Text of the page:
The inspirations for an Egyptian-themed opera, with far-reaching modern-day relevance
Mohammed Fairouz's opera, Sumeida's Song, based on the Arabic play, Song of Death, by Egyptian writer Tawfiq El-Hakim, will be released on Bridge Records on October 29. Here Fairouz talks about his inspirations for the opera.
Poetry is the ultimate form of expression in Arabic literature. In the 1950s, when Tawfiq El-Hakim wrote his early masterpiece, Song of Death, plays in Arabic were uncommon to say the least and the play as an artform was still being pioneered by El-Hakim and some others on the literary scene. It’s a hard picture to conjure up as, since then, Song of Death has become one of the most popular and enduring stories in the Arab world. I first read the play as a kid and filed it in the inner circuits of my mind. Then, as a teenager, I rediscovered it.
By the time I was 18, I had written several song cycles and many art songs that were already becoming popular with singers. I had an inner yearning to write an opera but was waiting for the right moment and then I was startled by the classical straight-forwardness of El-Hakim’s tightly knit narrative. Song of Death contains a powerful, timeless story that also seems like it could’ve been written yesterday and it’s all expressed with the economy of a master craftsman. I then understood the reason for its popularity in the Arab countries and I knew that it would become my first opera, Sumeida’s Song.
The 1950’s were also the stage for the last series of dramatic revolutions that, generating in Cairo, swept through the Arab world. Fermenting political unrest and upheaval fuelled an intensely active (and largely followed) literary scene. It was in this context that Tawfiq El-Hakim created Song of Death, a play that is, after all, about effecting social and political change.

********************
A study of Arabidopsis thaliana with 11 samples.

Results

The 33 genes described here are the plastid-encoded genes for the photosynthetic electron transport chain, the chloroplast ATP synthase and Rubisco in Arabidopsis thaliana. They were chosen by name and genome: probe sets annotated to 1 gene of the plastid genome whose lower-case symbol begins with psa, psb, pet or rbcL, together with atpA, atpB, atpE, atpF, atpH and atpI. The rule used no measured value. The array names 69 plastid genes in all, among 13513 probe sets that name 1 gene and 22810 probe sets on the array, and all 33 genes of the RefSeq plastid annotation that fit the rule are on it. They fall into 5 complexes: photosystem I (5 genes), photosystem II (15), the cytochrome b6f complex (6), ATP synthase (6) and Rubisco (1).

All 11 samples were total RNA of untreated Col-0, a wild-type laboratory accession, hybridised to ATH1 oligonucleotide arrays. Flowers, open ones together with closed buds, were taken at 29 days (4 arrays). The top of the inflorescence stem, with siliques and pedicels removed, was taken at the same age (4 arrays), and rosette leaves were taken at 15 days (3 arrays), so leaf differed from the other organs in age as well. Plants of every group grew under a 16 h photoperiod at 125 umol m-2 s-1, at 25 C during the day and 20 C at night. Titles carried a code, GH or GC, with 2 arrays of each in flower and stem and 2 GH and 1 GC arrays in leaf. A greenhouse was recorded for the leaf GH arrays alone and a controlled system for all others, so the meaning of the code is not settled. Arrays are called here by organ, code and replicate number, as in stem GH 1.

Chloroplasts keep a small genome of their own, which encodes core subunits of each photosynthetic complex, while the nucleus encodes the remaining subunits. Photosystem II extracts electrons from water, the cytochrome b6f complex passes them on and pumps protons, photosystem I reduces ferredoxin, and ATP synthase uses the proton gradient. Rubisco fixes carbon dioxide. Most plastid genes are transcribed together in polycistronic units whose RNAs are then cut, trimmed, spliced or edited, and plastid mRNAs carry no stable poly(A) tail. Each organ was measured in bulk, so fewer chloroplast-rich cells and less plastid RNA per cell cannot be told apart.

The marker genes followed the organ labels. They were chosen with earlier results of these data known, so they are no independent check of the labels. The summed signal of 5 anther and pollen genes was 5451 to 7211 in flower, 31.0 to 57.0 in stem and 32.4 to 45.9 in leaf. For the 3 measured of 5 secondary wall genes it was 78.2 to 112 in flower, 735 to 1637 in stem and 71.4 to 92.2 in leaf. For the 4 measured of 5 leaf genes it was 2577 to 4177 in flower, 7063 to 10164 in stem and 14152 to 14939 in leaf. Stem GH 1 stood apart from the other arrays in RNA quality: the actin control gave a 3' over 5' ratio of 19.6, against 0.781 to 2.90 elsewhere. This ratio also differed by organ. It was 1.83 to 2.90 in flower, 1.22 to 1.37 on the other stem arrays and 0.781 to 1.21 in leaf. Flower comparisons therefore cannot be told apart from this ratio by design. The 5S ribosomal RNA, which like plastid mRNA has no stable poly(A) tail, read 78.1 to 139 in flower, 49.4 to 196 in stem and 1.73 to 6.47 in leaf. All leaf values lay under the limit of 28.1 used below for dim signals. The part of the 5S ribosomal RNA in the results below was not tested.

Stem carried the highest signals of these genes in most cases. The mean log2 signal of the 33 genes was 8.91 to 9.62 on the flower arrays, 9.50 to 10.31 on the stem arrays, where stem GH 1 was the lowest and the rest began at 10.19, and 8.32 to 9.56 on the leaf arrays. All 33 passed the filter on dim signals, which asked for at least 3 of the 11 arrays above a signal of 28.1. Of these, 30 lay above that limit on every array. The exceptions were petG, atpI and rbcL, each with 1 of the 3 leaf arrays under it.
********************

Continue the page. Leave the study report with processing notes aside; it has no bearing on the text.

In the 2010’s, as I delivered Sumeida’s Song, a similar vibe was being emanated from Cairo and other corners of the Arab world that would eventually lead to the Arab Spring. The entire first scene of Sumeida’s Song is filled with the anxiety that change is coming to the small village in Upper Egypt where it is clearly not welcome. The two women on stage are filled with trepidation as they await the return of their relative, a 19-year-old boy who spent the last 17 years in Cairo, the big city. They expect him to, upon returning, avenge his father’s death by killing the man who they believe murdered his father but there are all sorts of doubts. It’s revealed that he eventually ran away from the butcher shop where he was delivered by his aunt to be housed as an infant, to join the venerated Al-Azhar University, one of the oldest institutions of higher learning in the world and still a formidable force on Cairo’s political and social scene today.
What if the boy doesn’t know how to use a knife to kill a man? What if he doesn’t come as promised in his letter? What if, having attained the rank of Sheikh, he has just gone 'soft'? If any of these possibilities, explored in the first scene, become realities, the name of the family will eternally be dishonored by the standards of the village.
Sure enough, El-Hakim’s protagonist, Alwan, arrives and is greeted by his mother, cousin and sister. He also reveals, to his mother’s horror, that he has not come to kill but rather to build school houses, bring running water, electricity and literacy to his home-town. As a result, he is disowned by his family, departs and is killed by his cousin, the 'last remaining man' of the family, at the orders of his mother. He pays the price for trying to effect change, a price that was paid by civilians at Tahrir Square in 2011 and on the streets of Damascus in 2012.
The music for Sumeida’s Song came naturally, fuelled by my desire to retell the story. The music broadens with the arrival of Alwan in the second scene, widened to encompass a wider field of vision. The news of his death leaves us desolate at the end of the opera. Tawfiq El-Hakim told a story that had occurred in reality many times before and many times since in the Arab world and the rest of the world. When an individual like Alwan gives voice to his or her ideas, they are representing, in their many forms, a universal human desire to resist injustice, rise above oppression and change our reality for the better.
The title of this article may be understood in several ways as these are clearly resonant issues for many of my generation inheriting our global reality. They are reflected on the world stage and in the works of leading young writers, composers and artists. It is a fitting time for me to deliver this story in Sumeida’s Song through the most universal artform.